Views: 1     Author: Site Editor     Publish Time: 2016-01-12      Origin: Site

From visits by heads of state to first ever ministerial meetings, the bar was raised

Despite the great distance that separates them, China has found itself increasingly more connected to Latin America and the Caribbean, thanks to unending cooperation, focused on quality and development, which seeks to improve bilateral ties.

2015 witnessed a strengthening of mutual trust and political confidence between China and Latin America and the Caribbean.

January saw the celebration in Beijing of the first ministerial meeting of the China-CELAC Forum, which saw the signing of a roadmap for the next five years, laying out central areas of cooperation and specific efforts to be made.

In July, Ecuador hosted the first CELAC-China Forum on Science, Technology and Innovation, opening the way for closer technological cooperation in the medium and long terms.

In December, 60 representatives from 27 Latin American and Caribbean political parties converged on Beijing for the China-CELAC Political Parties Forum, where they shared experiences on governance and sought to deepen interparty ties.

Those three meetings helped bring to life the new cooperation platform in July 2014 between China and its counterparts in Latin America and the Caribbean.

In terms of bilateral interaction, Premier Li Keqiang visited Brazil, Colombia, Peru and Chile in May, during which he proposed the new “3x3” cooperation modal to improve productivity and interconnect respective economic restructurings.

In 2015, China welcomed the heads of state of Colombia, Venezuela, Argentina, Ecuador and Costa Rica, who all came to promote friendship and find new avenues for cooperation with the Asian country.

Leaders from all sides met frequently during such international summits as the United Nations General Assembly, the G20, and the APEC and BRICS meetings, among others.

According to ECLAC, the Chinese share of regional exports rose from 1 to 9 percent from 2000 to 2014, while its share of imports into the region went up from 2 to 16 percent.

Over time, the region’s exports to China have diversified from raw materials to more agricultural products and higher added-value merchandise.

For example, exports of agricultural products from Mexico to China rose by 25 percent in 2015 over 2014, to reach close to $150 million.

Benjamin Grayeb Ruiz, president of Mexico’s National Agricultural Council, explained that for many years the Chinese market was open only to two Mexican products: avocados and grapes.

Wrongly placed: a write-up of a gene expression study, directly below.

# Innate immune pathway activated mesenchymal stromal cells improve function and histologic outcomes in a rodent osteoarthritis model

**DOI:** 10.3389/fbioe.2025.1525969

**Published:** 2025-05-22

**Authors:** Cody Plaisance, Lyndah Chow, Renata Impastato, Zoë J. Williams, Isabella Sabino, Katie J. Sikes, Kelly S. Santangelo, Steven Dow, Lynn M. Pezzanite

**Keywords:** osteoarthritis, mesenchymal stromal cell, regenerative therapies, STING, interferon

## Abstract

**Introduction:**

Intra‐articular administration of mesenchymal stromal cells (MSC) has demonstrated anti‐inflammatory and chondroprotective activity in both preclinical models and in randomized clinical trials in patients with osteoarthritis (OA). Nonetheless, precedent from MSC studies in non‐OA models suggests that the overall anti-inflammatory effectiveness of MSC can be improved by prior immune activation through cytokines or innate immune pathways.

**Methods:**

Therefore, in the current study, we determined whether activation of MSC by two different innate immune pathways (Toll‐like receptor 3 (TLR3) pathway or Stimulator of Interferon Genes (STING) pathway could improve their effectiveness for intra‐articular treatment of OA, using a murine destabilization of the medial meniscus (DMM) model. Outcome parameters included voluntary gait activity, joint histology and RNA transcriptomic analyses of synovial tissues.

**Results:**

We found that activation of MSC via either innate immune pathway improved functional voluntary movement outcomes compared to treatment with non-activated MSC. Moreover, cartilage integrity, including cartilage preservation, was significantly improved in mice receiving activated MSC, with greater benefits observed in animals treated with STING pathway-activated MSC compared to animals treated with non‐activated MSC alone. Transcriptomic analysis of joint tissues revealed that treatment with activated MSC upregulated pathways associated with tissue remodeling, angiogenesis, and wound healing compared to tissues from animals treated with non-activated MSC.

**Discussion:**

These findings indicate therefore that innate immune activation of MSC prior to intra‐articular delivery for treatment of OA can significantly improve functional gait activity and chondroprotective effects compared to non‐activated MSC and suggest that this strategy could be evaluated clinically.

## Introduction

“Three years ago, this reached seven products, and we will sign three more in 2016,” he added.

Since 2005, China took on commitments to lend more than $119 billion to Latin American countries and companies, according to a study by Boston University.

In 2014, Chinese financing in the region overtook that of the World Bank and the Inter-American Development Bank, reaching $22.1 billion, mostly in infrastructure and energy.

Chinese credits to Latin America have no political conditions attached to them, “which is good news for Latin America, given the conditions imposed by the World Bank or the International Monetary Fund,” commented Alicia Barcena, ECLAC’s executive secretary.

China’s growing presence in Latin American markets has given it a larger responsibility to help the region meet the UN Sustainable Development Goals.

For Barcena, China can help Latin America and the Caribbean with the financial resources, science and technology, including that to develop renewable energy sources.

Power generation from clean sources, such as wind, solar, geothermal or biomass, is seen by the UN as a crucial measure to fight climate change and reduce greenhouse gases.

Antonio del Río, director of the Renewable Energies Institute at the National Autonomous University of Mexico (UNAM), said the Latin American clean energy market is new, meaning that scientific and commercial cooperation with China could bring major benefits.

The investigator calls on Chinese companies to begin collaborating on specific projects with countries in the region “to bring about systems and technologies for different areas”.

Primarily based on economic and trade cooperation, with industrial capacity cooperation as a breakthrough, the upgrading of China and Latin American cooperation has been accompanied by cultural exchanges and cultural diplomacy being stressed in bilateral relations.

In May, Premier Li visited Latin America, attending cultural events in Colombia and Peru. He signed a series of cooperation accords in culture and education.

At a symposium in Colombia on China-Latin American cultural exchange, Li told participants that “exchange and dialogue between literary and artistic circles in China and Latin America will help bolster heart-to-heart communication between the two peoples.